Cannabis businesses in Sacramento are taking California’s capital city to court over what they say is an illegal “neighborhood responsibility” fee.
Attorneys for the companies — a group that include retailers, distributors, manufacturers and growers — alleged that Sacramento officials had made “absolutely clear” that cannabis businesses would not be issued permits from the city unless they agreed to pay 1% of their gross receipts under a required “Neighborhood Responsibility Plan,” the Sacramento Business Journal reports.
The lawsuit added that the city’s policy has little to do with neighborhood or environmental responsibility, and suggested that officials are taking advantage of an industry that already pays 4% of its gross receipts to the city.
The group is asking for an end to the collections and for refunds to be issued with interest. The city took in $1.86 million from the fee during the 2019-2020 fiscal year, the last year for which that data was available, according to the Journal.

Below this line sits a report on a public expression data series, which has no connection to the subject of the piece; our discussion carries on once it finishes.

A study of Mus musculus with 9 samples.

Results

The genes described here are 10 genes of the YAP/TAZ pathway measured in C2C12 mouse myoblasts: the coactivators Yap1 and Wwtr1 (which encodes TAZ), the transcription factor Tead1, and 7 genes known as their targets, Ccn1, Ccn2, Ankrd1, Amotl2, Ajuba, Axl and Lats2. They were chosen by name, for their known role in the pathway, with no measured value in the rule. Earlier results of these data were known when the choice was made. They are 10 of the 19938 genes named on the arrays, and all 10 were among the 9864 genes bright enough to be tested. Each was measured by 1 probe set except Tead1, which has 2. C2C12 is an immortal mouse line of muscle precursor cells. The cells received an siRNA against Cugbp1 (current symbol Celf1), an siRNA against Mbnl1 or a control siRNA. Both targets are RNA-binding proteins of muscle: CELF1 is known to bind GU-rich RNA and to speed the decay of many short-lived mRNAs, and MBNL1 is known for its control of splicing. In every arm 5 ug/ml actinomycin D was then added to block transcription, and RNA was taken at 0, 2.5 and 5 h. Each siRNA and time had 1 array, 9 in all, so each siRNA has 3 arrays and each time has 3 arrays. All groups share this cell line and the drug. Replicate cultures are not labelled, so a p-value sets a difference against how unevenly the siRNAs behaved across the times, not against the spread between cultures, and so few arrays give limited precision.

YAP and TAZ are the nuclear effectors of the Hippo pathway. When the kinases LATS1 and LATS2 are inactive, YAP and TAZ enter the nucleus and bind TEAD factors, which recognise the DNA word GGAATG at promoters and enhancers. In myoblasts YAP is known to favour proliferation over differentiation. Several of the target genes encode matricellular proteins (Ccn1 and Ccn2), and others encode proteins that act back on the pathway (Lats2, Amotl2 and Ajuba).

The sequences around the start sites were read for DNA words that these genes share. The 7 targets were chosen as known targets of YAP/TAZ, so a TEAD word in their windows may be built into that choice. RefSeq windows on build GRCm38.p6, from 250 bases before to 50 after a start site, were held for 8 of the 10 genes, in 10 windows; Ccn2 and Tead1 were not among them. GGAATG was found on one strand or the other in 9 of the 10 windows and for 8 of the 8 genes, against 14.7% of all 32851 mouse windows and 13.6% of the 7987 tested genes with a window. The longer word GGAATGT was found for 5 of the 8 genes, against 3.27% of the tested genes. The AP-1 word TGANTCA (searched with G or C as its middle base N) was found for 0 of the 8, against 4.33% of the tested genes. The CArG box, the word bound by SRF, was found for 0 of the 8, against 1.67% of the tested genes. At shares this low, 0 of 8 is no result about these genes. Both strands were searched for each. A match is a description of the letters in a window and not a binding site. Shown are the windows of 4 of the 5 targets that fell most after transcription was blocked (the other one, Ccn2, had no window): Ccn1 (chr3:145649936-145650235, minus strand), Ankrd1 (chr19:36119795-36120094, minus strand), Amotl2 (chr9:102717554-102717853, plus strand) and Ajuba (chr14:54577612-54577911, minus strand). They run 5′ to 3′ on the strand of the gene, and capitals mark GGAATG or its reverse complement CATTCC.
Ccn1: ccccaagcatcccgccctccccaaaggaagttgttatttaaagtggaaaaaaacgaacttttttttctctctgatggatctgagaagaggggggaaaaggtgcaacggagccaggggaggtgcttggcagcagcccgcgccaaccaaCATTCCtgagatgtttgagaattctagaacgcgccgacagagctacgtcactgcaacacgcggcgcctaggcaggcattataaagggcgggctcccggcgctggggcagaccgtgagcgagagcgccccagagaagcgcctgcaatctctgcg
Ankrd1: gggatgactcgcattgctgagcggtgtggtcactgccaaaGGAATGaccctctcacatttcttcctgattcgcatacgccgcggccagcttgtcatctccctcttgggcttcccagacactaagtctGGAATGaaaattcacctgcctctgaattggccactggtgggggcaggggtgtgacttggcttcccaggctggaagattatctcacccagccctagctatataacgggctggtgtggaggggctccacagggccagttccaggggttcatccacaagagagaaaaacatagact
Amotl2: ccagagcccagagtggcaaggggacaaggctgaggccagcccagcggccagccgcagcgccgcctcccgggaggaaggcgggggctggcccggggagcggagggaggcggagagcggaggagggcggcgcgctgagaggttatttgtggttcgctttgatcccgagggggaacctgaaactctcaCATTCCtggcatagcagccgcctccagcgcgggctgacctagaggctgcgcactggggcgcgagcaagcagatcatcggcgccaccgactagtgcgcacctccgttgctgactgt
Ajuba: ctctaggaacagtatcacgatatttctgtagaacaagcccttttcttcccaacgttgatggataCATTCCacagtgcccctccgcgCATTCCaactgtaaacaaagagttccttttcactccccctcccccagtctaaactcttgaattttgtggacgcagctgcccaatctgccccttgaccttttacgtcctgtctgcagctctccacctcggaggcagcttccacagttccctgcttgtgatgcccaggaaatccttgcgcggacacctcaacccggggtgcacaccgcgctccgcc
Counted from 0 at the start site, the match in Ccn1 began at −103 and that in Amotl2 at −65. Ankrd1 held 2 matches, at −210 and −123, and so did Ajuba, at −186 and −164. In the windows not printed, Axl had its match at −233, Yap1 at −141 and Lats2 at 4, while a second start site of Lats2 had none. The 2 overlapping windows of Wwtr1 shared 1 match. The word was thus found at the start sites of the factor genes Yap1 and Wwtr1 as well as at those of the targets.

Sacramento officials developed the requirements after California voters endorsed recreational marijuana in 2016. The following year, the city began requiring prospective cannabis businesses to submit neighborhood responsibility plans and asked them to pay either the additional 1% fee or a fee determined by a city impact study.
The study, however, reportedly was unable to validate any impacts without information on specific cannabis business locations when it was conducted in 2018.
City officials told the Journal they had not yet been served with the complaint and declined comment.